Citigroup Inc. (NYSE:C) and its former brokerage agent, Smith Barney – now run as a joint venture with Citigroup and Morgan Stanley (NYSE:MS) – were cleared of nearly all charges in a lawsuit filed by mutual-fund investors that charged the two entities of keeping about $100 million in fee discounts that the investors believed they should have received.
U.S. District Judge William Pauley in Manhattan threw out all claims against Citigroup Inc. (NYSE:C), Smith Barney Fund Management LLC and former Citigroup Asset Management chief executive Thomas Jones.
The suit brought against Citigroup Inc. (NYSE:C) and Morgan Stanley (NYSE:MS) by the investors revolved around the fees the investors paid when they bought shares in mutual funds. Citigroup had established an in-house transfer agent, Citicorp Trust Bank, which could charge lower fees than First Data Corporation, the previous transfer agent whose contract expired. The investors filed claims that the new transfer agent continued to charge similar fees as the old agent, meaning Morgan Stanley (NYSE:MS) – and by extension, Citigroup (NYSE:C) – was keeping $100 million in profits for itself in a “kickback scheme.” The claimants charged that they made their investments on a reasonable reliance that Citigroup and Morgan Stanley would honor their “fiduciary duties” by charging the lower fees.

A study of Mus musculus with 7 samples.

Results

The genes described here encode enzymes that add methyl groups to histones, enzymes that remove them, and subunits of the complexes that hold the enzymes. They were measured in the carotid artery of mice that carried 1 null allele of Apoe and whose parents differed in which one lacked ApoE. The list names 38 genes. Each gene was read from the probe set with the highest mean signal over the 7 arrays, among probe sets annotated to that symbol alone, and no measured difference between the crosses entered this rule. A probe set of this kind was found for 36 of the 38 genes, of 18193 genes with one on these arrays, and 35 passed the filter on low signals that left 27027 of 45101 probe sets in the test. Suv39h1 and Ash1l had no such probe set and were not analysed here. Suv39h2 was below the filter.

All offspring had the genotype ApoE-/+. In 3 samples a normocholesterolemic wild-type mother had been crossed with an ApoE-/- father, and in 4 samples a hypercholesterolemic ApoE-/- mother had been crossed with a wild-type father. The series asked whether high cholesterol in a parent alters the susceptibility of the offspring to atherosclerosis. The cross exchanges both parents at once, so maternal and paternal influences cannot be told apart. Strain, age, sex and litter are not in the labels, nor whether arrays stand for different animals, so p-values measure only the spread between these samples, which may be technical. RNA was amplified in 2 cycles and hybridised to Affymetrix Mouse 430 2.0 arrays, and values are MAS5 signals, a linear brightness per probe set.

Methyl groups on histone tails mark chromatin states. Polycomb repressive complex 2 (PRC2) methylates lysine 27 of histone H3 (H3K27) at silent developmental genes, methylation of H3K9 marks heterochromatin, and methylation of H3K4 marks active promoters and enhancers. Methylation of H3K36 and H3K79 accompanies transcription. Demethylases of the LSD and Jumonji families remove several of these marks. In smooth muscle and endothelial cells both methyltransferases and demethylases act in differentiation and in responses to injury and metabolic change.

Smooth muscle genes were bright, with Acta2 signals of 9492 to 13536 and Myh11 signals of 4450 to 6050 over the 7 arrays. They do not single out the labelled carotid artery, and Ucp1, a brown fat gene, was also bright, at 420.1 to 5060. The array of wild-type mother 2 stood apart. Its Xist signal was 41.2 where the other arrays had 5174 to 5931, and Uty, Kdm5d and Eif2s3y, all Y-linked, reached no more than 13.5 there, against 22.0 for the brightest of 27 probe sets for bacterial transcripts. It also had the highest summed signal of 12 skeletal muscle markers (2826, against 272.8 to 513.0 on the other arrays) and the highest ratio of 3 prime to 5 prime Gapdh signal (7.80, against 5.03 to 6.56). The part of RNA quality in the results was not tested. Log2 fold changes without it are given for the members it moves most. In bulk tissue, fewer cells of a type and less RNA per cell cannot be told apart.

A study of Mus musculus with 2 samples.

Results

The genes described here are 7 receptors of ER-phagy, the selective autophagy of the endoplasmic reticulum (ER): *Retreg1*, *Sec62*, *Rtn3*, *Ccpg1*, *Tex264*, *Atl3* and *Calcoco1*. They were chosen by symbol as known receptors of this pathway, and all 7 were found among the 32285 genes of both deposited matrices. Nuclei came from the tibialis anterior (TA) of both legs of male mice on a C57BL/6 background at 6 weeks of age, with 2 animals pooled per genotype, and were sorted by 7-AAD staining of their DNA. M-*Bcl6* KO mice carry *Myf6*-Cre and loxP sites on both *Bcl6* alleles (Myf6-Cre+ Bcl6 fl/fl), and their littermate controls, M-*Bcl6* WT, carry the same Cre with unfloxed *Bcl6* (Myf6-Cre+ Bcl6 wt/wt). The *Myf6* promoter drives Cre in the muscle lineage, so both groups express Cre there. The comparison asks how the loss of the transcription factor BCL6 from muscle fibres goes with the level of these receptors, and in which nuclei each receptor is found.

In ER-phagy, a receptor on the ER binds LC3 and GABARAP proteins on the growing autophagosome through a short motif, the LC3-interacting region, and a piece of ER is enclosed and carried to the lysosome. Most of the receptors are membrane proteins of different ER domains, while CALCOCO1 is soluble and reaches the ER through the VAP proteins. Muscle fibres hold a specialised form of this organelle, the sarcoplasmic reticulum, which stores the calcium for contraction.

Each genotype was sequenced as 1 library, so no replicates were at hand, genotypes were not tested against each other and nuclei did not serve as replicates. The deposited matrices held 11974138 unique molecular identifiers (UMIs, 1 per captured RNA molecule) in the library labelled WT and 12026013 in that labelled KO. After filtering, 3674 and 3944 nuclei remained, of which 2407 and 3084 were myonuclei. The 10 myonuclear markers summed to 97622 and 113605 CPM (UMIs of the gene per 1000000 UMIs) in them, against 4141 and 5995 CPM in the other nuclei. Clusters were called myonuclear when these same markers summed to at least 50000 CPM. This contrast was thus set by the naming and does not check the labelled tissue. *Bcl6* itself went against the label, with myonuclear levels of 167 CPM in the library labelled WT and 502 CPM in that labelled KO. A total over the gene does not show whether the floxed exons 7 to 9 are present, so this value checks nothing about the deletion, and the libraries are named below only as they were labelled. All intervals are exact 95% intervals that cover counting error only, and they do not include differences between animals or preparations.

Judge Pauley wrote, “This theory of reliance – if accepted – would amount to a novel presumption of reliance in the mutual fund context.”
Citigroup (NYSE:C) had agreed on a $208 million settlement of fines and restitution for a related civil fraud case brought by the Securities and Exchange Commission. This latest court victory will likely help the bottom line at Citigroup, which may be taken very well by investors in Citigroup stock, like Bill Ackman’s Pershing Square hedge fund.